Streaking across Bills' field can be a costly mistake

Jay Skurski

You cross the 50-yard line, nothing but glory ahead.

A packed stadium roars in approval. Then you see him — a defender dressed in a yellow jacket bearing the title “sheriff.” Then there’s another. Before you know it, they’re coming at you from all directions.

But determined to make it to the end zone, you break out your best Marshawn Lynch impression.

Quite possibly you’re drunk. You’ve just streaked across the Ralph Wilson Stadium field.

Now what?

“You’re arrested for the field intrusion and charged with criminal trespass,” said Christopher Clark, director of security for the Buffalo Bills.

And suddenly, that 15 seconds of fame doesn’t seem worth it.

The aftermath

“It costs them some money to hire an attorney,” Clark said of such streakers. “They miss the game. You know, they have to make bail. So there are a number of things that come into play.”

Security is provided at home games by the Apex Group. Clark said the company’s employees are sworn by the Erie County Sheriff’s Office, which gives them the power to make arrests at the game. After being processed at the stadium, those arrested are transported by Erie County Sheriffs deputies to the Orchard Park Police Department, where they’re photographed and fingerprinted.

Though there are different degrees of criminal trespass, the most-likely scenario involves being charged with a class B misdemeanor, punishable by up to 90 days in jail or a $500 fine — or both.

At the season opener last month against the Denver Broncos, the game was delayed on two occasions for streakers. The second time, a group of at least four youths made their way across the field.

“In that particular incident, a group of them came over the wall at one time,” Clark said. “The security guard was facing the stands at that time, but ... he was one person to four people.”

For the fans in the stands — and the media in the press box — the stunt draws a couple seconds’ worth of attention and the occasional “maybe the Bills should sign those kids” joke. Eyes are transfixed on the inevitable collision between the law and the lawless. But for the security on the field, preventing an incident is their primary responsibility.

“We try not to chase them,” Clark said. “We try either to stop them or contain them.”

Fans jumping on the playing field for a cheap thrill is nothing new. In the 1970s and ’80s, it could even bring celebrity. Older fans may remember Morganna the Kissing Bandit, the Ohio woman who would run onto the field at Major League Baseball games and kiss unsuspecting players. Morganna became so popular she even appeared on “The Tonight Show Starring Johnny Carson.”

Those days, though, are gone. Today, television cameras won’t film spectators who enter the playing field, in an effort to deter the practice.

Security simply can’t tell who’s another Morganna from who could be another Gunter Parche, the German loner who stabbed tennis star Monica Seles during a match in 1993.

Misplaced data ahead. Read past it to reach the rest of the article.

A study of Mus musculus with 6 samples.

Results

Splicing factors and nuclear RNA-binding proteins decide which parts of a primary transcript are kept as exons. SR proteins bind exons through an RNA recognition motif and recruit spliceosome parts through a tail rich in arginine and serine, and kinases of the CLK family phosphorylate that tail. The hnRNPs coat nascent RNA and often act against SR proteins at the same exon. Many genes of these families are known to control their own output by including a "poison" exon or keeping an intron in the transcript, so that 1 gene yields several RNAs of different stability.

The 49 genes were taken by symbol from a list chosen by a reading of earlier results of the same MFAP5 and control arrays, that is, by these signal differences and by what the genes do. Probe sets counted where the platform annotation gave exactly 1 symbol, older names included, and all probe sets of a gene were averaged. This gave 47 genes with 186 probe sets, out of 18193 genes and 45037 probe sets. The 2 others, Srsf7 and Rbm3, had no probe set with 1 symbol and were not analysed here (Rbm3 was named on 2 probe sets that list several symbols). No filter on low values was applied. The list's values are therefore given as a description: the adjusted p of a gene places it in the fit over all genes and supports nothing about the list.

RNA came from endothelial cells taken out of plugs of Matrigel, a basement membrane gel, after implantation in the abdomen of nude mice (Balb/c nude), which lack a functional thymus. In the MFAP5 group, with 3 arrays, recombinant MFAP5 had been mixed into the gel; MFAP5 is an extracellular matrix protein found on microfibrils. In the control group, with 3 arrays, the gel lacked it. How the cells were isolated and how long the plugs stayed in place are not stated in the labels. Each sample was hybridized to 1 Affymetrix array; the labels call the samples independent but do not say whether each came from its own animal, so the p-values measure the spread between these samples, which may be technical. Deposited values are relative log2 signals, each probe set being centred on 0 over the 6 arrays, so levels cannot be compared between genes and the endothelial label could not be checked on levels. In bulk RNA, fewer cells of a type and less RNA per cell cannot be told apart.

“That’s the main reason they’re down there, to protect the people on the field,” Clark said. “We haven’t had a number of field intrusions, so I think the fans know the seriousness (of the crime). It’s just some things fuel that.”

Drinks can equal problems

One of those things, of course, is alcohol. And because of the 8:30 p.m. start for Monday Night Football, fans will have longer to drink before the game.

That’s one of the reasons the team will have additional security available Monday.

“We have a couple of events that naturally will make us have more people on hand, like the tailgate party in Lot C,” Clark said. “We’ll also have some additional personnel in the stadium, so hopefully we’ll address those issues — if there are issues.”

At last week’s game against the New York Jets, it was reported that 11 arrests were made, 65 people were ejected from the game, and 22 others were turned away at the gate. There were 70,600 people in attendance, meaning less than 1 percent of those at the game caused an incident.

“When you break it down, the number of unruly fans is very small, but that’s what you hear about,” said Russ Brandon, the team’s executive vice president of business operations. “We’ve got many things that we do proactively ... to make sure that when people are in the facility, they feel comfortable.”

To that end, in the past two years the team has developed a fan-behavior initiative. Letters are sent to the more-than 48,000 season-ticket holders explaining what type of behavior is expected in the stadium, either by the ticket holders themselves or those who use the tickets.

“The safety of our fans has always been our number one off-field priority,” Brandon said.

The national stage

The atmosphere should be electric at the Ralph on Monday. The Dallas Cowboys — led by former Bills coach Wade Phillips — come to town to meet a Buffalo team coming off its first win of the season. Fans were excited by the play of rookie quarterback Trent Edwards and are eager to see if he can pull it off again.

“Having the opportunity to have the Monday Night Football brand back in the market is great for the entire region,” Brandon said. “The organization is ecstatic to be able to host the game once again.”

With the national cameras rolling, Clark said his staff will be determined to make sure nothing takes away from the game.

-- Niagara Gazette

“We want to put on a good face for Western New York and this region,” he said.